Troponin I – Its Performance Doesn’t Justify Actions

  1. An article about evaluation of a troponin I assay – A recent article in Clinical Chemistry reported on the evaluation of a troponin I assay (1). The article’s conclusion was: “Conclusion: AccuTnI is a sensitive and precise assay for the measurement of cTnI”. Yet, in the article it could be seen that the assay failed the ESC- ACC (European Society of Cardiology – American College of Cardiology) guidelines for imprecision (2). Moreover, 6% to 9% of the samples studied using other troponin I assays gave values on different sides of the medical decision cutoff. As is often the case, the study was funded by the manufacturer. Note – It was still possible that this assay was the best troponin I on the market at that time (or today), but the conclusions presented by the authors don’t match their facts.
  2. A questionable POCT strategy – In a recent article (3), the benefit of POCT (Point Of Care Testing) troponin I was reported. The variables studied were clinician satisfaction (using a survey), Emergency Department Length Of Stay, (ED LOS) and Turn-Around-Time (TAT). These results were also presented in a seminar – also published (4), in which the speaker noted the strategy for dealing with POCT Troponin I results was:
  • if the POCT troponin I result was elevated, it was followed up with a lab troponin I assay
  • if the troponin I result was not elevated, no follow up assay was conducted and the POCT result was used as part of the clinician’s rationale to rule out myocardial infarction.

Problems with the clinician satisfaction survey – The clinicians were surveyed about the “confidence in the results obtained from POCT (ie, satisfaction with test accuracy of POCT)”. There are two concepts here – the performance of the assay and the perception of the assay. The survey provides information about the perception (by the clinicians) about the assay. It is unwise to draw conclusions about performance from a survey which the authors admit was subjective. Moreover, since the TAT was better for the POCT assay, one could argue that the clinicians were biased with respect to answering other questions about the assay (e.g., assay quality)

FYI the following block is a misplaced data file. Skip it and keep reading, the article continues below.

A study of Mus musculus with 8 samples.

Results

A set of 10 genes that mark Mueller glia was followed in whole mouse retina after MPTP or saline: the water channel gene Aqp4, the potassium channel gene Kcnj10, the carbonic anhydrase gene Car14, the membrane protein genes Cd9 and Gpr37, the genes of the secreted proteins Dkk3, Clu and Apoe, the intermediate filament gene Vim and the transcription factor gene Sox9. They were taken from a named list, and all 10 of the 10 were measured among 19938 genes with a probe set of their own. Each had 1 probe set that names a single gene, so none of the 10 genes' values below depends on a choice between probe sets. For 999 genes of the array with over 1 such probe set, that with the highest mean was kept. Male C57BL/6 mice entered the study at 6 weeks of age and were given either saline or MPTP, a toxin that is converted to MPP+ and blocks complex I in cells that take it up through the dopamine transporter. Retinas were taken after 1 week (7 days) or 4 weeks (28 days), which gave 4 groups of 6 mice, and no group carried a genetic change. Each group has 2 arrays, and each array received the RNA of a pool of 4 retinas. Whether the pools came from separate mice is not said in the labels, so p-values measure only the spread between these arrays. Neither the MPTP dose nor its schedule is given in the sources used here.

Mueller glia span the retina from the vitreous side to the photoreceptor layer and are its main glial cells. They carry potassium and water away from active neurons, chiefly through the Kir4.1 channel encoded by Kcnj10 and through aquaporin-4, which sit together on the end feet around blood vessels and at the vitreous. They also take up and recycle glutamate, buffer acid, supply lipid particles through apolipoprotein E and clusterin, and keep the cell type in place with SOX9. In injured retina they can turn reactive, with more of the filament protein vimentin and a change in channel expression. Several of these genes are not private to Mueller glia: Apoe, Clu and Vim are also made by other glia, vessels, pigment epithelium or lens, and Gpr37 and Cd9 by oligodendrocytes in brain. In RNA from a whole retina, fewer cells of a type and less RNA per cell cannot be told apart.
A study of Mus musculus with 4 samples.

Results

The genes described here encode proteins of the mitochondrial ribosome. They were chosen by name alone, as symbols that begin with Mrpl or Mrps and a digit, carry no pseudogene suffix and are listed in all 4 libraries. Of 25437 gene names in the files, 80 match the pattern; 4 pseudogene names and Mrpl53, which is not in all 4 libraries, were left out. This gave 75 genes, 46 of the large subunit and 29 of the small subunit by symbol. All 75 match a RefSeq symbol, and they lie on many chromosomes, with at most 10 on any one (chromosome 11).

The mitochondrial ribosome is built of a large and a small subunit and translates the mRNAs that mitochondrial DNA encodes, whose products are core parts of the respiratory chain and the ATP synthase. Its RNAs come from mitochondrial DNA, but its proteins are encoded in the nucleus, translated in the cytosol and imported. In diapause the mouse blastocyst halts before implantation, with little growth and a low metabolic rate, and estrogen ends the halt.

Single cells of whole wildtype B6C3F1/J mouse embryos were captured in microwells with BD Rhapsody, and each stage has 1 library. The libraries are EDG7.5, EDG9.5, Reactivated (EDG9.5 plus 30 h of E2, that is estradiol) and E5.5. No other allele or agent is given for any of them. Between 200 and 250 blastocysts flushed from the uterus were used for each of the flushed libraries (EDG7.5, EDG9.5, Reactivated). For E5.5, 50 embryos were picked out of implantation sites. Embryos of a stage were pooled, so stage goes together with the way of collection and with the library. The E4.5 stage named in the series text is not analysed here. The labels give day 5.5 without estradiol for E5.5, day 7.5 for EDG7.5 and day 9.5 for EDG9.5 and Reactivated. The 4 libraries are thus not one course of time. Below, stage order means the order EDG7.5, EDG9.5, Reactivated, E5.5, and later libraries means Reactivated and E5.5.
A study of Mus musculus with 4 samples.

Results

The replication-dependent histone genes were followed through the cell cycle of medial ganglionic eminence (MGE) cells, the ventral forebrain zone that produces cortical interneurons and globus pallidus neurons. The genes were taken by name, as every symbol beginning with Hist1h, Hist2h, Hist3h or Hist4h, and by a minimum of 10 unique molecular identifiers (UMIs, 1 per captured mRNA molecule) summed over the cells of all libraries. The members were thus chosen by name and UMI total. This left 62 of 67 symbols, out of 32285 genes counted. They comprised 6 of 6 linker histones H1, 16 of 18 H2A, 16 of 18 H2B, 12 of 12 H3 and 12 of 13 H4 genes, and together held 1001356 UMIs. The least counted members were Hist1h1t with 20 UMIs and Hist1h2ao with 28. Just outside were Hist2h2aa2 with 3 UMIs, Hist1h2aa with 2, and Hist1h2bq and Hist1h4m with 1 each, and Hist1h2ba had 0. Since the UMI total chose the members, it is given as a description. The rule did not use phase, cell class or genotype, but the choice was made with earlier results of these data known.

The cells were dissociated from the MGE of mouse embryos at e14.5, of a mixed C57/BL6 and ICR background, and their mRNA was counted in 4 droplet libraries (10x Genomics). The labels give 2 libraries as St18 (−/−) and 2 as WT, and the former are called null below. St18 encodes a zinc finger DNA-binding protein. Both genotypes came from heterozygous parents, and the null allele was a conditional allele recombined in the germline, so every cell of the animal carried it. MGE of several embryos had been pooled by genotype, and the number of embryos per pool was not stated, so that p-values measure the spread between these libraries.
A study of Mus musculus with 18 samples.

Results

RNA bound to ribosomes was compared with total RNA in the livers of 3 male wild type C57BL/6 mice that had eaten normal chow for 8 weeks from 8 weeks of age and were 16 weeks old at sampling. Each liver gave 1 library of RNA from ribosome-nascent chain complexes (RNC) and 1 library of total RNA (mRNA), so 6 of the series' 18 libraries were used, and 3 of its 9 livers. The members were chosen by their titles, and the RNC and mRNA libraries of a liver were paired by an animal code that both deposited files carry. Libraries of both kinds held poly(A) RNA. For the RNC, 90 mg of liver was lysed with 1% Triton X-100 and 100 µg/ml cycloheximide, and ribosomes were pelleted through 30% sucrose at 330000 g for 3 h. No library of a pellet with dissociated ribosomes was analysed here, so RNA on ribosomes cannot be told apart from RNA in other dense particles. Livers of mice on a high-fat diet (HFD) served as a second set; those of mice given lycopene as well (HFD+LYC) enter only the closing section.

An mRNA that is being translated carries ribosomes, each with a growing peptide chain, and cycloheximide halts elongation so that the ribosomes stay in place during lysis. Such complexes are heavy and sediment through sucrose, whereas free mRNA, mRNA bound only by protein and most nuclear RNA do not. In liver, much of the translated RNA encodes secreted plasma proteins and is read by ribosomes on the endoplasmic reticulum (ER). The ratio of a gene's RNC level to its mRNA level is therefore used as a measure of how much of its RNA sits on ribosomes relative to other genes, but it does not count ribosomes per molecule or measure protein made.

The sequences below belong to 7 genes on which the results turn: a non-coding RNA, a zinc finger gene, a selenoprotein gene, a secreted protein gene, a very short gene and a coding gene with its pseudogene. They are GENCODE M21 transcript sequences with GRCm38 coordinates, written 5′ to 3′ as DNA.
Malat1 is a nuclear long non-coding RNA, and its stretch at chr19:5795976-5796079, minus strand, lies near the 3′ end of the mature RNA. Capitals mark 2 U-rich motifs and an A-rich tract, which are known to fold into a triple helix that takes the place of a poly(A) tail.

Problems with ED LOS and the assay strategy – The strategy for POCT Troponin I reported above is a biased approach which could lead to a reduced ED LOS. That is, some elevated POCT troponin I results might not be confirmed, so these patients would be released sooner from the ED. Yet, there is no opportunity to rerun POCT troponin I results that are below the cutoff range (e.g., all of these patients do not stay long in the ED). One would like to know how many POCT troponin I results that are below the cutoff, would be above the cutoff, if repeated with a lab troponin I assay.

  1. A lab unwilling to consider alternatives – In another seminar, a speaker reviewed troponin I performance and noted that no assays (as of 2002) met the ESC – ACC guidelines for troponin I performance, with imprecision being the major point of failure. This had the implication that incorrect clinical decisions would be made, partly based on an incorrect troponin I assay. I asked the question, why don’t you run replicates for the assay. This was immediately rejected  as being too expensive.

Whereas many people would agree that running replicates is impractical financially, one may run replicates only for values close to a medical decision limit to minimize increased cost. Moreover, for any proposed cost increase, one should model the financial tradeoffs as suggested in the following table:


Case Benefit Cost Comment
No change No increased test cost Cost of incorrect clinical decisions Depends on likelihood of incorrect clinical decisions
Increase replicates Reduced cost of fewer incorrect clinical decisions Increased test cost


  1. Uettwiller-Geiger D, Wu AHB, Apple FS, Jevans AW, Venge P, Olson MD, Darte C, Woodrum DL, Roberts S and Chan S. A Multicenter Evaluation of an Automated Assay for Troponin I Clinical Chemistry. 2002;48:869-876
  2. The Joint European Society of Cardiology/American College of Cardiology Committee. Myocardial infarction redefined—a consensus document of the joint European Society of Cardiology/American College of Cardiology Committee for the redefinition of myocardial infarction. J Am Coll Cardiol 2000;36:959–69
  3. Lee-Lewandrowski E, Corboy D, Lewandrowski, K, Sinclair J, McDermot S,  Benzer, TI. Implementation of a Point-of-Care Satellite Laboratory in the Emergency Department of an Academic Medical Center. Archives of Pathology and Laboratory Medicine: Vol. 127, No. 4, pp. 456–460 (2003).
  4. Kratz A, Januzzi JL,  Lewandrowski K, and Lee-Lewandrowski E. Positive Predictive Value of a Point-of-Care Testing Strategy on First-Draw Specimens for the Emergency Department–Based Detection of Acute Coronary Syndromes. Archives of Pathology and Laboratory Medicine: Vol. 126, No. 12, pp. 1487–1493 (2002).